Sep 16 – 17, 2021
Palazzo Strozzi
Europe/Rome timezone

The future of work within the Nordic working life model – opportunities and challenges

Sep 17, 2021, 1:00 PM
Altana (Palazzo Strozzi)


Palazzo Strozzi

Track 3 5.2


Kristin Alsos (Fafo)Prof. Jon Erik Dølvik (Fafo)


Debates on the future of work often concentrate narrowly on technological change and automation of jobs, whereas other important forces of change are overlooked. In this paper we discuss what consequences digital technological change, interacting with other global megatrends such as demographic change, green transition and globalization, will have for Nordic labour markets and work life models.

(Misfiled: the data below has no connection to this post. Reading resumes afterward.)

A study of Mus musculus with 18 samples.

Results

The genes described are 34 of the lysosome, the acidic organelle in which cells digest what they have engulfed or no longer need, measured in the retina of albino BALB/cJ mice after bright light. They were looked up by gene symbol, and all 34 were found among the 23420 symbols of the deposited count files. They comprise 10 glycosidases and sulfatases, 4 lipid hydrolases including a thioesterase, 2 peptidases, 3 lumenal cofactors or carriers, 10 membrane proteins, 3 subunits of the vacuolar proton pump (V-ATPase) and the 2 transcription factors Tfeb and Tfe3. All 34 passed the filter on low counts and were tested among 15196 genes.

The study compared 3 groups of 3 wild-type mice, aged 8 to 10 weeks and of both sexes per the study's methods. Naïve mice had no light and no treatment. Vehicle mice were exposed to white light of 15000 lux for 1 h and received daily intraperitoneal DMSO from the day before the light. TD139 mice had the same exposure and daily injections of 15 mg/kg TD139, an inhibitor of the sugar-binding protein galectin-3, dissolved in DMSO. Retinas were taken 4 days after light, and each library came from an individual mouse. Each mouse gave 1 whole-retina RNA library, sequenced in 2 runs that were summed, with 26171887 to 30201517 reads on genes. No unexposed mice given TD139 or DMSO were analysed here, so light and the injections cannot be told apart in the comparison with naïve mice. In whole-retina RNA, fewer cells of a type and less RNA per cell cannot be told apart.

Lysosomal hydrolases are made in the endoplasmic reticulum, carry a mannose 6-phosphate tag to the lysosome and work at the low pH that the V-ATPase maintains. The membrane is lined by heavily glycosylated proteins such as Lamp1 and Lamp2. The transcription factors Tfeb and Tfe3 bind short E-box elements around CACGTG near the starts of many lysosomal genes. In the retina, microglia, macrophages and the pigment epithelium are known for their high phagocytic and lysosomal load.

Internationally, the evolution of the Nordic models is regarded a success story, where high levels of growth and employment have been achieved, along with lower levels of inequality than in any comparable social models (Dølvik et al., 2015a; Magnusson et al., 2009). There are however signs that the Nordic societies are moving in direction of widening wealth and income gaps, making them less distinct from other European countries. Several challenges are arising – demographic trends point towards shortages of labour, while globalization and automation for many decades have caused loss of manufacturing jobs. A key question is therefore whether the increasingly digitalized service sector will, as have been the story so far, be able to compensate for the job losses in tangible goods production in the future. Another central question is how changes in the job and skill structure instigated by the megatrends will affect the quality and pattern of work, contractual and regulative forms, employment relations, and job market adjustment. In view of recent trends, accentuated by the Corona-crisis, it seems that the praised resilience and flexible adjustment capacity of the Nordic models in no way can be taken for granted in the future of work. In discussing these issues and the prospects for model renewal, we’ll draw on theories of institutional change, service cost disease (Baumol, 1967), and new political economic literature on growth and welfare reform (Baccaro & Pontusson, 2020; Hassel & Palier, 2020).